Multiple NBA Championships? Check. League MVP? Check. Naismith Basketball Hall of Fame? Check.
Out of all of the accolades that Shaquille O’Neal picked up in his career as a basketball player, there is one that seems to be undermined: a platinum album. Yes, it’s true. Shaquille O’Neal has an RIAA-certified platinum plaque for his 1993 debut album Shaq Diesel.
“I probably was a lucky platinum artist. There were probably some Shaq fans that bought it,” he said. “Then there were the Shaq-haters that bought it because they wanted to boo me and say that I can’t rap. You add all of that together and it becomes a million copies.”
Shaq says selling a Shaq-sized amount of records was never his intention. It was more about getting in the studio with his friends and favorite MCs. He likened recording his four solo albums to how he would step out on the basketball court as a kid and pretend to be Magic Johnson or Dr. J. Except instead of throwing a sweet behind-the-back pass like Magic, Shaq wanted to drop a hot 16 like Biggie.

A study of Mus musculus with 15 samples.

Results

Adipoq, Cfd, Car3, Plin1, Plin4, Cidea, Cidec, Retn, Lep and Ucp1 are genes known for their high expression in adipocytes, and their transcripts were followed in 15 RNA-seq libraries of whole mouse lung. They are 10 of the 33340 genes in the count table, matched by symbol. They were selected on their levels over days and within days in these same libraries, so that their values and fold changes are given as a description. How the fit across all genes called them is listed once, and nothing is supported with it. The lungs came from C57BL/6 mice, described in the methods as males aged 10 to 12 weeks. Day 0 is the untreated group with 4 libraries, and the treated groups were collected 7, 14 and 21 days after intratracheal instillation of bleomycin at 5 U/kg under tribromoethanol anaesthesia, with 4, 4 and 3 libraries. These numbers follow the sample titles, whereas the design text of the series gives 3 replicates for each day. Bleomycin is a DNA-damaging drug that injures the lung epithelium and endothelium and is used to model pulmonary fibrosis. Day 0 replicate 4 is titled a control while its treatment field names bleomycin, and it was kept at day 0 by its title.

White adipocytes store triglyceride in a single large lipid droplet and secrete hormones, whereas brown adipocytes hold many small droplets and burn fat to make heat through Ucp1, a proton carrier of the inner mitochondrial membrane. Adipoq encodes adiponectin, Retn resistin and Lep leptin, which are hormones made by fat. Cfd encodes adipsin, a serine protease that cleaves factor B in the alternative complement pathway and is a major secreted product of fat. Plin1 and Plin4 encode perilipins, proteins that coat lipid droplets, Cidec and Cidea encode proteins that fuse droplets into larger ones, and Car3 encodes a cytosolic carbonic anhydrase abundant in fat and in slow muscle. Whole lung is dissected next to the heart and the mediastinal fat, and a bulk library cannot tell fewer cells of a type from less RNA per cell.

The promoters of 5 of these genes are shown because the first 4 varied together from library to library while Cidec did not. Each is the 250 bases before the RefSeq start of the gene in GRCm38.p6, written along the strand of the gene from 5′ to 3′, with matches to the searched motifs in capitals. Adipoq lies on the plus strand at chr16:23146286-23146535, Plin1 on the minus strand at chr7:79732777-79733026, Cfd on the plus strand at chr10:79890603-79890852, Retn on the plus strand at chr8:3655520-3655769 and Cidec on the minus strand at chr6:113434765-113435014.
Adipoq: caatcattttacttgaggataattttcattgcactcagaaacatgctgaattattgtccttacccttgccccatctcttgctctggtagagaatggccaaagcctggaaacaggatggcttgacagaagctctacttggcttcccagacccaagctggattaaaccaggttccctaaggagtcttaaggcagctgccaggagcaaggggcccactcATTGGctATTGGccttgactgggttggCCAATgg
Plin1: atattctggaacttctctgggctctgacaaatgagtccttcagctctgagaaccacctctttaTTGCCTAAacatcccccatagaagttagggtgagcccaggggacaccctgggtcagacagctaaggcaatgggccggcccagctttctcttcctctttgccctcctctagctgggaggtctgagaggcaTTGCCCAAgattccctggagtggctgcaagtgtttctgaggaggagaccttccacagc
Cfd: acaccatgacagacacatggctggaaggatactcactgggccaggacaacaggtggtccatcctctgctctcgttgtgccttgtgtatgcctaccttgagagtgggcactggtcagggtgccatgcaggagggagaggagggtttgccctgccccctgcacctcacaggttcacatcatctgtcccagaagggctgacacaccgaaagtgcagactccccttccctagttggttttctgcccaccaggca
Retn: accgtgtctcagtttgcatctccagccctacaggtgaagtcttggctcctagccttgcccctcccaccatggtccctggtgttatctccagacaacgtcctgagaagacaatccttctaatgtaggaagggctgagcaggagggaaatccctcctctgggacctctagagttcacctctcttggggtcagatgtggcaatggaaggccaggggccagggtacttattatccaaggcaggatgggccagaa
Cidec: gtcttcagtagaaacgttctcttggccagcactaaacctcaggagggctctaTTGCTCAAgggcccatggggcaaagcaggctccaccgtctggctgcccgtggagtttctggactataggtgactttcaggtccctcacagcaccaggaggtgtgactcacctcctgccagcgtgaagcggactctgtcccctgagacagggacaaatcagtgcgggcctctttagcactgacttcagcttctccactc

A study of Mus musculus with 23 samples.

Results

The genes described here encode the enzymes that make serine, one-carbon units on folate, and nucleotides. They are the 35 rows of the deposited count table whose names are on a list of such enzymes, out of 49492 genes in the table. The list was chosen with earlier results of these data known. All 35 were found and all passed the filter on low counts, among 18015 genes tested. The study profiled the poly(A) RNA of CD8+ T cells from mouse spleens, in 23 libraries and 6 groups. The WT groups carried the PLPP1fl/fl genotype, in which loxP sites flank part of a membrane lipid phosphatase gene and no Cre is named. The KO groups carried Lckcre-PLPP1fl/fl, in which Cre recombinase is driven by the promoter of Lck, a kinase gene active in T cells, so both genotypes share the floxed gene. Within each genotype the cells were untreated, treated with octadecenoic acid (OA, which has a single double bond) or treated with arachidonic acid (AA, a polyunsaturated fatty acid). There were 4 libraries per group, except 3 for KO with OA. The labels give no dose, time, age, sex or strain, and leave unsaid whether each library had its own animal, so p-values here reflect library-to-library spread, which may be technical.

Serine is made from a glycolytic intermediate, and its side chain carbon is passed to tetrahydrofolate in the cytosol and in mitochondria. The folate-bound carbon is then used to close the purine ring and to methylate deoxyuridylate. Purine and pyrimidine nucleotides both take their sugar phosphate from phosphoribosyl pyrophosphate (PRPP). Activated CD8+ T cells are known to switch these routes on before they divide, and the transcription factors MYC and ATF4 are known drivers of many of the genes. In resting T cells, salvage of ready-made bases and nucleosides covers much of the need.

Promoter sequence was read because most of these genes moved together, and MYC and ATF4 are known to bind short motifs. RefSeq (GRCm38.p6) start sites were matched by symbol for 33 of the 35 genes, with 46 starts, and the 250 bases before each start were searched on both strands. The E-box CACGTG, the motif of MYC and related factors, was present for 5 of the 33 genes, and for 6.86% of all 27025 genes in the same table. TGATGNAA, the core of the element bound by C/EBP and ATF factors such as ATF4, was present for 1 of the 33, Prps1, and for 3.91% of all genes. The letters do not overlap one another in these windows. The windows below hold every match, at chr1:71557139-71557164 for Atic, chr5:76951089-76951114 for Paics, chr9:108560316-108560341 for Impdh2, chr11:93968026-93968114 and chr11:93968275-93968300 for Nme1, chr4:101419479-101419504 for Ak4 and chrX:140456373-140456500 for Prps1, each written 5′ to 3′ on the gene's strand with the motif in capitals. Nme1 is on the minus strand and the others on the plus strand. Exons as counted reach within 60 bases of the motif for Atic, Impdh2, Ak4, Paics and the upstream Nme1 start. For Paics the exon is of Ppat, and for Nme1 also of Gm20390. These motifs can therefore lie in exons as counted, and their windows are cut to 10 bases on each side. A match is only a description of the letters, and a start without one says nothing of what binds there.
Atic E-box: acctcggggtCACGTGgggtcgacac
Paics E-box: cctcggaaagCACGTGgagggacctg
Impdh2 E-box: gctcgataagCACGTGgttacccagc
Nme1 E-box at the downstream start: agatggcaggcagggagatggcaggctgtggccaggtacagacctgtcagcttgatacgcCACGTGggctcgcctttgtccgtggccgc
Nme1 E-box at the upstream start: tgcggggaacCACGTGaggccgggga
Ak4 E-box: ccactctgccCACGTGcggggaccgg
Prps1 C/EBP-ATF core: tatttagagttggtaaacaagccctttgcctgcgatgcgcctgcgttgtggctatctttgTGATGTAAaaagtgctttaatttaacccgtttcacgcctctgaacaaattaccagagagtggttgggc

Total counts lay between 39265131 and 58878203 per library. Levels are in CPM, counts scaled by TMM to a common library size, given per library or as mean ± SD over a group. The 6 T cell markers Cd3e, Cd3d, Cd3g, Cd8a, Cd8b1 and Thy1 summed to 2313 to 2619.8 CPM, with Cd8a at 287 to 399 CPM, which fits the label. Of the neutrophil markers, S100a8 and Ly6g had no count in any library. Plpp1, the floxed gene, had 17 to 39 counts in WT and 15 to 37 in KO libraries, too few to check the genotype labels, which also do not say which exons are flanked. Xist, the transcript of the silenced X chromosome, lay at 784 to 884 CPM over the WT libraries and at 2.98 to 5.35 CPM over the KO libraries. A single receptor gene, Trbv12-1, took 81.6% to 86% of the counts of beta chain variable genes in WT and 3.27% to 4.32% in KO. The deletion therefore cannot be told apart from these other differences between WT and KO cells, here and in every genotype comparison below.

“What people don’t understand about my music is that I wasn’t trying to be a rapper. Quite honestly, rappers don’t make as much money anyway,” Shaq said. “My thing was being in the booth, spitting my verse, and then Jay Z or Biggie looking over saying, ‘Oh shit, you wrote that?’”
So which album does Shaquille cite as his crowning musical achievement? Surprisingly It’s not the one that went platinum or certified Gold. It was 1996’s Can’t Stop the Reign. The album was the first Shaq recorded with Interscope Records after joining the L.A.Lakers. Its featured Biggie, Jay Z, Rakim, and Mobb Deep, and production from DJ Quik.
“That had a lot of legends on it, so I’d put that at number one,” he said, adding his debut and Shaq Fu: The Da Return as close runner-ups. Shaq’s business advisors were strongly against him making music throughout his career. Still, no regrets. “I was under a lot of pressure not to do them,” Shaq said. “But, I did them anyway.”